Foreword by the acclaimed author Gustav Preller: As an author, and reader, of full-length novels Iâm reminded by Patrick Coyneâs The Flying Lady of just how satisfying short stories can be in the hands of a talented writer. Coyne tells them in a straight line from start to finish as befits the genre â no meandering or padding, keeping the tales taut and absorbing. Highly charged, inventive âexcerptsâ, so to speak, from ordinary peopleâs lives, with a beginning, middle, and end, providing bite-sized, pleasing reads. Short stories are easy to read â one of the nice things about this book â but far from easy to write. Just as quatrains and sonnets require maximum discipline in poetry so do short stories and one-act plays in prose. Something this author clearly understands and achieves.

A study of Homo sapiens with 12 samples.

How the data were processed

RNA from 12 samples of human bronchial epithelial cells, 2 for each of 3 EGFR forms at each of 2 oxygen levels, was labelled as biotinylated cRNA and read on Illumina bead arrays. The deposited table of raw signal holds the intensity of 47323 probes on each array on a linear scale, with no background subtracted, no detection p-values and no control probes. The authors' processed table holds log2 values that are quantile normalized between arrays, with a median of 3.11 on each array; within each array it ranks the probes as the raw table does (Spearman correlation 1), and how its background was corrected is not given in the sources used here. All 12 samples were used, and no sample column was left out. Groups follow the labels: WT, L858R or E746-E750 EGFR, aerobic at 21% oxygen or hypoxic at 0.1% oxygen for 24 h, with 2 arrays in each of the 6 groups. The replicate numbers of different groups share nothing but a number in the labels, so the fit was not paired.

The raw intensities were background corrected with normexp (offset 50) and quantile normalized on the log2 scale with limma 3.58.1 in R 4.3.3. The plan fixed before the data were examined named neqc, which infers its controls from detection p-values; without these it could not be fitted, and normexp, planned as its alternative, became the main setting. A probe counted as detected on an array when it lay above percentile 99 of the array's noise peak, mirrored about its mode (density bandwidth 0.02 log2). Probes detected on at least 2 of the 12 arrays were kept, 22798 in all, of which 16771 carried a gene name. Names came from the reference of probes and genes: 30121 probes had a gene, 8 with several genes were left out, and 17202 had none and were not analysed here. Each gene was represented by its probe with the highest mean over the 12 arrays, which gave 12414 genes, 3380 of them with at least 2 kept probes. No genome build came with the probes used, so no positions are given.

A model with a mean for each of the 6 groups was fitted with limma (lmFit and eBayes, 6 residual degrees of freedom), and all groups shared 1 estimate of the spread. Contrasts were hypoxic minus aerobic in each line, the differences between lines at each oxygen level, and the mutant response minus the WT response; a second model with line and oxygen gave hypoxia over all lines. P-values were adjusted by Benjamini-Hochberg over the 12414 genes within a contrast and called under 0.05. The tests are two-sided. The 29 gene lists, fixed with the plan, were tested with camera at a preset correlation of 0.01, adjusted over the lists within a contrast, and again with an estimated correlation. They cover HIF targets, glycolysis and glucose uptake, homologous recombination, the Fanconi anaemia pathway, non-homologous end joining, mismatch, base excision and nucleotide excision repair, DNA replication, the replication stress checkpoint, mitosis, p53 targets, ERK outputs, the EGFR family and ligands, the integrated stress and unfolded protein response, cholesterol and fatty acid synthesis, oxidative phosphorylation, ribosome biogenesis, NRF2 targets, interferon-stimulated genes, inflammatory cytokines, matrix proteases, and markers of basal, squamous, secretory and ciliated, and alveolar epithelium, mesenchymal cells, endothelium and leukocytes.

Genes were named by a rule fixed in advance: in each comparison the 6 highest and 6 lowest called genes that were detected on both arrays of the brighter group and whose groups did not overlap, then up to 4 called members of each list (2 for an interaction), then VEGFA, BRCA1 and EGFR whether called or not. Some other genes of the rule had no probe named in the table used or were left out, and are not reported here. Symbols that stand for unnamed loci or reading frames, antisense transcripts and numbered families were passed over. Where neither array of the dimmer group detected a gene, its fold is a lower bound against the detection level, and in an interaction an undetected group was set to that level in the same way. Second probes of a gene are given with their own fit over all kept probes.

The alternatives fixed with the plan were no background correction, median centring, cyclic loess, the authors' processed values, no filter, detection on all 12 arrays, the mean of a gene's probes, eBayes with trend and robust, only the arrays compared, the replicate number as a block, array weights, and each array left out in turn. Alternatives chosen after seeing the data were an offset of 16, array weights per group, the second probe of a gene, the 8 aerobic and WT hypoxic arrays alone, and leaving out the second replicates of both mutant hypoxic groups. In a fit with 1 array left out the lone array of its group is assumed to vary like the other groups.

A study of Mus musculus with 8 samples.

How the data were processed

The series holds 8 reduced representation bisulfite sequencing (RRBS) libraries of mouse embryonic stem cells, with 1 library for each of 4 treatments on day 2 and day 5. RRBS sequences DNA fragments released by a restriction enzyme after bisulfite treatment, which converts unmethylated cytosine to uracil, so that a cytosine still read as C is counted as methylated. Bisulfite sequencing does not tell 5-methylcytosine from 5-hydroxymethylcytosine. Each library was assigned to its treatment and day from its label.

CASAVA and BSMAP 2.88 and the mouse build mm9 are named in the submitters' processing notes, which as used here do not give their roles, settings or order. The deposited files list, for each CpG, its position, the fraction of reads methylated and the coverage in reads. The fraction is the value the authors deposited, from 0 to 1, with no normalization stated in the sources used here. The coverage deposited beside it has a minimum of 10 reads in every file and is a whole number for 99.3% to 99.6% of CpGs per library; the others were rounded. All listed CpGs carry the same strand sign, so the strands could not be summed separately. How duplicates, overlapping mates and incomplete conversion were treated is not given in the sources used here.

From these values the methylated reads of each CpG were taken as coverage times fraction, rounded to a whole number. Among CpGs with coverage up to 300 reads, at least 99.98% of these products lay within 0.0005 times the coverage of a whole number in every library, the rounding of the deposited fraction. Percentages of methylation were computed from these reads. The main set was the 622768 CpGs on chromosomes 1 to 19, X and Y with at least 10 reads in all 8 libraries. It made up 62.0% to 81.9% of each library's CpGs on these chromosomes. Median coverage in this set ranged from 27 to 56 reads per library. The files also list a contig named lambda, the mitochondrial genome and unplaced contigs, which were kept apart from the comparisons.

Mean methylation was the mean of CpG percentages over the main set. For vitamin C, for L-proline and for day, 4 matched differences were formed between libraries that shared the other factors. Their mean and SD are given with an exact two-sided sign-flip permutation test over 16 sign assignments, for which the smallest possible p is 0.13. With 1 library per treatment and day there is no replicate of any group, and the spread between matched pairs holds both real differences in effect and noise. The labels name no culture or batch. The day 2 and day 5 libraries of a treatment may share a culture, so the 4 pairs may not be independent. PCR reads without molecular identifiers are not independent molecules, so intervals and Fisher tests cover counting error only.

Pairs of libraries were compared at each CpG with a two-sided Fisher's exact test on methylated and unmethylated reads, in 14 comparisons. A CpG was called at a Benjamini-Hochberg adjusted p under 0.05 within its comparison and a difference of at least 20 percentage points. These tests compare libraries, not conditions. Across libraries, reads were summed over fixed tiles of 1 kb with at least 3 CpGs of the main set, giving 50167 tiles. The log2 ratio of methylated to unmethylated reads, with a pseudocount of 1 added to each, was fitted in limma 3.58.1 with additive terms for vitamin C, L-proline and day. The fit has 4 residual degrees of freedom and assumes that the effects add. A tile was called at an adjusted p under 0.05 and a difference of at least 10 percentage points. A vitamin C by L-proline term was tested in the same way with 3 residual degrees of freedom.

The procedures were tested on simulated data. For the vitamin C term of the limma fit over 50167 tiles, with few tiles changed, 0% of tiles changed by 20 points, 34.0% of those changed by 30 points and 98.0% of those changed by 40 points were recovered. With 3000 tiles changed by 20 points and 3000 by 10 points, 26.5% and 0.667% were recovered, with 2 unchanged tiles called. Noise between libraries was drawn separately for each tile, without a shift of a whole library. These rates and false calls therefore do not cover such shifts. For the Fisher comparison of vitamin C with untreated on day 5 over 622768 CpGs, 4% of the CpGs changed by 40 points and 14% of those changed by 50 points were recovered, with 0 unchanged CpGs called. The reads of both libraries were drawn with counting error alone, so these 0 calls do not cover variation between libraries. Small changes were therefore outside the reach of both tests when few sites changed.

With twenty-one stories created over many years and each an entity in itself, it is inevitable that some will rise above the others. It doesnât make this book any less worthwhile. With The Flying Lady no one can say they donât have the time to read quality fiction.
Pat Coyne is no stranger to Durban writing circles and this latest offering will be welcomed by those who know and enjoy his light fiction.
The Flying Lady and 20 other short stories is indeed a collection to âread when time is short...â as described on the cover.
If you prefer to read âthe real thingâ rather than the somewhat soulless electronic version, this little book makes the perfect companion for tucking into a suitcase for a weekend away. Itâs barely larger than a Kindle and no heavier.
The stories range across South Africa from the Cape to Kruger, from sci-fi to the San people. Some raise a smile, while others, like The Miracle Makers, provide pause for thought.